A federal court judge in Washington, D.C., has rejected a motion by FIGG Bridge Engineers and W. Denney Pate to temporarily block the U.S. Dept. of Transportation’s suspension of both the firm and the engineer from working on projects involving federal funding. The ruling is the latest in FIGG’s fight to avoid a 10-year federal debarment proposed as a result of the firm’s role in the fatal March 2018 bridge collapse at Florida International University in Miami. FIGG says it will continue its fight.

DOT’s Federal Highway Administration had suspended and proposed to debar Pate, FIGG’s engineer-in-charge for the Florida bridge project—and a co-plaintiff in the court action.

The Aug. 17 ruling by Judge Colleen Kollar-Kotelly stated that, separately, FIGG and Pate had “not demonstrated a likelihood of success on the merits, irreparable harm absent preliminary relief, or that the balance of the hardships and the public interest weigh in their favor.”

In its Aug. 11 court filing, FIGG Bridge Engineers and, separately, Pate, had claimed that the U.S. DOT’s proposed suspensions, issued July 14, “pose a threat of catastrophic and imminent harm” to FIGG “that cannot be reversed if the suspensions are allowed to continue during” the debarment process.

Additionally, in its motion, FIGG claimed that the contractor that retained FIGG, Munilla Construction Management, bore responsibility for the collapse because it damaged the partly assembled structure when rolling it into position and that the contractor failed to communicate the seriousness of cracks that appeared to the engineering firm.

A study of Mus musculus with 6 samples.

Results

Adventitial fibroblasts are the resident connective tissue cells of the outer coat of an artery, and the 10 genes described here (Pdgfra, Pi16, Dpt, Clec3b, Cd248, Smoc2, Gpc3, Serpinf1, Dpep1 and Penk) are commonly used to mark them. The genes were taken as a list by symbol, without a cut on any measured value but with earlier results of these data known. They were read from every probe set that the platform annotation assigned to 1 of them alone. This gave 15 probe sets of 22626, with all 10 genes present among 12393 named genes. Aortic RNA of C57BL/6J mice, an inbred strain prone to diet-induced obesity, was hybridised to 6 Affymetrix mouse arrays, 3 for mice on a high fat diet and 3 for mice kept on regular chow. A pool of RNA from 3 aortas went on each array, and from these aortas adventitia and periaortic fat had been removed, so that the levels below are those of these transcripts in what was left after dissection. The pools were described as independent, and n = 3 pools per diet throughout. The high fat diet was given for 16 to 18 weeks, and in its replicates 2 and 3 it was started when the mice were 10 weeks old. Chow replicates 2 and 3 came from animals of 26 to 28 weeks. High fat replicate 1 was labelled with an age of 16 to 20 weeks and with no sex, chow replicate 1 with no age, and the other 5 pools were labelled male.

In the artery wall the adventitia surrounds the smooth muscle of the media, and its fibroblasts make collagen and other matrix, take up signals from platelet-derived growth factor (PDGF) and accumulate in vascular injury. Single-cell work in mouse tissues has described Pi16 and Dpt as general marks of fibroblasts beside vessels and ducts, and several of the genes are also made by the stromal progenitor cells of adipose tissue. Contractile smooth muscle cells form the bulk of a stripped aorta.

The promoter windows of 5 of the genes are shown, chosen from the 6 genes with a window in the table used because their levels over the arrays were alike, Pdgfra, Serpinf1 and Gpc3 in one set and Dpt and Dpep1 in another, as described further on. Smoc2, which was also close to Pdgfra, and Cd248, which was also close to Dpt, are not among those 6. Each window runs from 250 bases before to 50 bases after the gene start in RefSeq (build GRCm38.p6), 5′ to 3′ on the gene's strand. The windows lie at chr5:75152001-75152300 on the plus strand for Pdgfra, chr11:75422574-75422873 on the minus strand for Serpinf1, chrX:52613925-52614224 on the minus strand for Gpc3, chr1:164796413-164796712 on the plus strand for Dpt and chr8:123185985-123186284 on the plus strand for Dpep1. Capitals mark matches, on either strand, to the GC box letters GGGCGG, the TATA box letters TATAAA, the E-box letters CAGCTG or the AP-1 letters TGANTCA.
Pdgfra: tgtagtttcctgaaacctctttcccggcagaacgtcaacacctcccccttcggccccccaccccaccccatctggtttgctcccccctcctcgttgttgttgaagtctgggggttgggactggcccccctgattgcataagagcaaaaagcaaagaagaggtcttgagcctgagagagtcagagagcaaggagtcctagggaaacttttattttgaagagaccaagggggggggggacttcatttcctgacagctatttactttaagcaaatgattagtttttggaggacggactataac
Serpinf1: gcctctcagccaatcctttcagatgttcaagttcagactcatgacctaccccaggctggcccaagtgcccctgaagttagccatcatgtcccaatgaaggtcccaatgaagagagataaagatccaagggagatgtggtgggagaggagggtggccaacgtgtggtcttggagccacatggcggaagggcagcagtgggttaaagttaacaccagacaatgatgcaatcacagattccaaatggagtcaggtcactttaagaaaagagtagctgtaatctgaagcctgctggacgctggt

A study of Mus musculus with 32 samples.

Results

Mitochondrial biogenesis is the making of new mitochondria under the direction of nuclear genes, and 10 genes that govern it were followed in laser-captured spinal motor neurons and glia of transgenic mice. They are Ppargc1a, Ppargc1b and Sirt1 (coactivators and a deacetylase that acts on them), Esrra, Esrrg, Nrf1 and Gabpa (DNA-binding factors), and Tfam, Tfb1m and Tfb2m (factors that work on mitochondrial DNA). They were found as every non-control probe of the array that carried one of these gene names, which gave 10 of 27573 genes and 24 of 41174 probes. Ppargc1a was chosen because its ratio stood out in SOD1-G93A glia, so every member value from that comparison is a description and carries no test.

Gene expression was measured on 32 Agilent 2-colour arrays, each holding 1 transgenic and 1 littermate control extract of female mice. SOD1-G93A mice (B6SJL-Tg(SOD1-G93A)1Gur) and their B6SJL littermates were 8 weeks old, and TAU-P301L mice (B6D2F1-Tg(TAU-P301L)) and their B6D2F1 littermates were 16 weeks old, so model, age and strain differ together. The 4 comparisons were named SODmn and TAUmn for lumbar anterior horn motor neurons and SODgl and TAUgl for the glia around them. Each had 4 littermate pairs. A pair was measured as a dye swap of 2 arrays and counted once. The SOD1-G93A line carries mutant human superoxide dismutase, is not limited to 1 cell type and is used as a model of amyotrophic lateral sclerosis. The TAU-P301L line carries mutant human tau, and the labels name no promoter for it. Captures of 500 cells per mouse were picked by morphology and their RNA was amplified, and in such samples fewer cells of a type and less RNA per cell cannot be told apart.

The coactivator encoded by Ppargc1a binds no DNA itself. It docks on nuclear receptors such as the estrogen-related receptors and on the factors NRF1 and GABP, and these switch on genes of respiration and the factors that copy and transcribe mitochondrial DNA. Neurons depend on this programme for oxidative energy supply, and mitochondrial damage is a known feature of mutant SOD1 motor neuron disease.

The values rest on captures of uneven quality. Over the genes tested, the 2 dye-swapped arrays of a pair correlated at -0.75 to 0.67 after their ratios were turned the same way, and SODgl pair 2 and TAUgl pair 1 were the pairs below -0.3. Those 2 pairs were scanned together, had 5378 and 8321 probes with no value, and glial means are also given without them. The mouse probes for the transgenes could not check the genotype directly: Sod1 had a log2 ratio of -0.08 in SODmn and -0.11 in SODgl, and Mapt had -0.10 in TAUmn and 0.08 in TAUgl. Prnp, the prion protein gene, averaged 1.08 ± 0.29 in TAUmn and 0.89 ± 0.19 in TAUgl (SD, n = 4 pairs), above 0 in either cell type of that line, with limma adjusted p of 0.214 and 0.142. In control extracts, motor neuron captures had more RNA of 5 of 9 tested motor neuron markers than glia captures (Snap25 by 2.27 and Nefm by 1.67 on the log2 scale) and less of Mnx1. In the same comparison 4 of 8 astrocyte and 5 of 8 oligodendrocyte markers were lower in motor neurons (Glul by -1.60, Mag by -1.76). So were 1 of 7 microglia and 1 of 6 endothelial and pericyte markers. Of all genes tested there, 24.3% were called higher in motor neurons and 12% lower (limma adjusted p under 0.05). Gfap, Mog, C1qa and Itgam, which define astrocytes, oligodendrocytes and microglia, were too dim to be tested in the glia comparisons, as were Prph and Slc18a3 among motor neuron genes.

In her ruling, Kollar-Kotelly states that Figg’s principal argument of irreparable harm “derives from the economic loss it expects the FHWA suspension to cause.” However, the firm failed to make the case that the “economic harm it faces because of the FHWA suspension is actual and not theoretical.”

For instance, according to the judge, FIGG and Pate failed to make the case for this economic harm in two ways. First, FIGG’s argument relied on three existing contracts, which are not affected by the debarment. Moreover, company projects in Texas and South Dakota are both state-funded and therefore also not affected.

For those reasons, the judge was not convinced that these pre-existing contracts “demonstrate any concrete harm posed by the FHWA suspension.”

A National Transportation Safety Board investigation report last year blamed several companies for their roles in the tragedy but reserved its harshest criticism for FIGG.

Of the NTSB report, the ruling noted: “The removal of the FHWA suspension could not entirely erase the industry stigma associated with this NTSB report, nor could it prevent that report from serving as an impediment to securing prospective contracts. For these reasons, Figg’s economic theory of harm is simply too speculative.”

A statement provided to ENR by FIGG noted: “While the initial ruling by a federal judge to deny FIGG Bridge Engineers’ request for a temporary restraining order is disappointing, the company is looking ahead to pursuing all possible avenues to remedy the actions by the FHWA that FIGG believes were incorrect.”